Even if Mitt Romney wins in Florida on Tuesday, he still may lose the presidency come November.
The old adage of “divide and conquer” may work well in war, but in politics it’s not always a smart strategy, especially in Republican primaries.
Ronald Reagan’s name has been evoked quite often in this race. The Gipper must be turning over in his grave that Mitt Romney has so badly violated his 11th Commandment: “Thou shalt not speak ill of any fellow Republican.”
Reagan’s law not only sounds great, it’s smart politics. Reagan understood that the very same Republicans a candidate attacks in a primary will be the people he will need to back him in a general election. Reagan had political finesse that Mitt Romney, a brilliant business man, apparently lacks.
Clearly Gov. Romney is receiving bad advice on his campaign strategy. So far, what has the politics of division gotten Romney?
Romney and his allies have spent some $15 million in Florida alone violating Reagan’s 11th Commandment by engaging in vicious attacks on Newt Gingrich.
Gingrich, outgunned by Mitt’s personal checkbook and the fat cats in Wall Street who have backed him, seems like a guy using a BB gun firing away at B-52s above.
Nevertheless, Mitt doesn’t have a lot to show. He lost Iowa. He won in his adopted home state of New Hampshire where Democratic and independent voters can vote in the GOP primary. He was then walloped by Gingrich in South Carolina, and in Florida, he may just squeak out a win after outspending Newt Gingrich 5 to 1 on TV ads.
At the end of the day, Mitt’s strategy may well backfire and could have repercussions all the way to November.
Rush Limbaugh has lambasted the “coordinated attack” on Gingrich, who Rush describes as a “premier defender” of Ronald Reagan.
Rush added that Romney’s smear campaign against the former House speaker is one reason so many Republicans “hate” Mitt Romney. Sarah Palin, a respected leader of the GOP grass-roots movement, is also angered by the GOP establishment trying to crush Newt Gingrich.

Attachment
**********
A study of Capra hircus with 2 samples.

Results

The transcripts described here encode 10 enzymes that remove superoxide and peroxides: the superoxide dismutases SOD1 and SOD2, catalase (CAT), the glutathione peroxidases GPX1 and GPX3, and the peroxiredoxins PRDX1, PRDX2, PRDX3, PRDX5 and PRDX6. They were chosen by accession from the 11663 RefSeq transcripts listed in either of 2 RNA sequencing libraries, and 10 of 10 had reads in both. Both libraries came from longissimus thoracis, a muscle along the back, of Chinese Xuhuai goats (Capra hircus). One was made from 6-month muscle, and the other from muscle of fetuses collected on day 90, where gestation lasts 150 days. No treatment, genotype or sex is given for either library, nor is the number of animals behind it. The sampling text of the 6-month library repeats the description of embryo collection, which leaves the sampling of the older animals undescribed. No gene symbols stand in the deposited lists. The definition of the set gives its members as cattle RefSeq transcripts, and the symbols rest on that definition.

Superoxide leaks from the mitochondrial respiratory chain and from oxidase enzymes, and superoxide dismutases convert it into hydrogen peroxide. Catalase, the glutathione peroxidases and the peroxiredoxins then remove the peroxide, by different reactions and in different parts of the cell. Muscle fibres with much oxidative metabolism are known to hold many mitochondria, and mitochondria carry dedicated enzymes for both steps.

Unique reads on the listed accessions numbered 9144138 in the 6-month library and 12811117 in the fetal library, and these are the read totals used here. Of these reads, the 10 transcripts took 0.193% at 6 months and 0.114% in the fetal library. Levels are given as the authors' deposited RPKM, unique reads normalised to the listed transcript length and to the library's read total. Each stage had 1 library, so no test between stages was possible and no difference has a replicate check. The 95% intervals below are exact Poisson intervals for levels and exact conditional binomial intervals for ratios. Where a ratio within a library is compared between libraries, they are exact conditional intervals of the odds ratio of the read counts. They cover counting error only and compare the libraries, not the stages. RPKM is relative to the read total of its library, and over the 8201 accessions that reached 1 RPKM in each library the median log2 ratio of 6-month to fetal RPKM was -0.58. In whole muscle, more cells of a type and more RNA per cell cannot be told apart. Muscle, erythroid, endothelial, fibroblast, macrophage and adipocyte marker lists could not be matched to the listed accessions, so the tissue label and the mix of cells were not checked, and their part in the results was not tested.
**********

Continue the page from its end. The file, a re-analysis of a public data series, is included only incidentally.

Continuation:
She has even invoked the image of Jesus on the cross, saying Gingrich is being “crucified” by the GOP establishment. The Rev. Donald Wildman, the founder of the influential American Family Association, chimed in saying that her language was “tough” but “probably pretty accurate.”
Sure Newt has baggage, which he wholly admits to. But despite Mitt Romney’s carpet-bombing with negative ads, the truth is that Gingrich has been a staunch conservative over many decades. The same is not true for Mitt Romney.
I welcome the fact that Romney has become a strong Republican and is running for president. And during a recent debate, Gov. Romney said he had “become more conservative” as governor of Massachusetts. That’s a narrative that’s accurate and authentic. But Gov. Romney’s claims he’s always been a staunch Republican just don’t hold water.
The politics of division creates unintended consequences as well. Speaker Gingrich just told Politico this past weekend that he is going to fight Romney all the way to the convention.
Newt is triggering “the Reagan ’76 option.” In 1976 Reagan launched a primary battle against President Gerald Ford. Reagan knew that he had little chance of beating Ford, the incumbent president.
But he also believed that the Republican Party needed a vigorous alternative to the Democrats — “no pastels” as Reagan put it — and that the Ford-Nixon administrations, which had put through draconian wage and price controls, raised taxes, dramatically increased entitlement spending, devalued the dollar, and had been engaging in détente with the Soviets, was not offering that difference.
Reagan’s crusade to offer a stark difference with Nixon-Ford was totally despised by the GOP establishment. Reagan suffered in 1976 and, in fact, lost every Republican primary state all the way through March, when he had a surprise victory in North Carolina.
Reagan then went on to win every primary after North Carolina and took the GOP primary fight to the convention floor that year in Kansas City.
In the end, he lost to Ford by just a handful of delegates. As Romney plays the politics of division, Newt is solidifying himself as a conservative hero.
Newt tells me his decision to fight on to the convention is nothing personal with Romney; it’s about a struggle for the future of the Republican Party and the United States. He knows that in many blue states we now have one-party political systems.
Think places like California, Mitt’s home state of Massachusetts, New York, and many other states. An occasional Republican will win there, but usually by running to the left of the Democrat. The Republican Party in these blue states is often a charade.
This “Mexico-ification” of the United States into a one-party republic could happen, and it offers grave dangers.
I don’t want the United States to become like Mexico. I want a vigorous two-party system, and a candidate leading the GOP who offers a stark alternative to Barack Obama and the Democrats.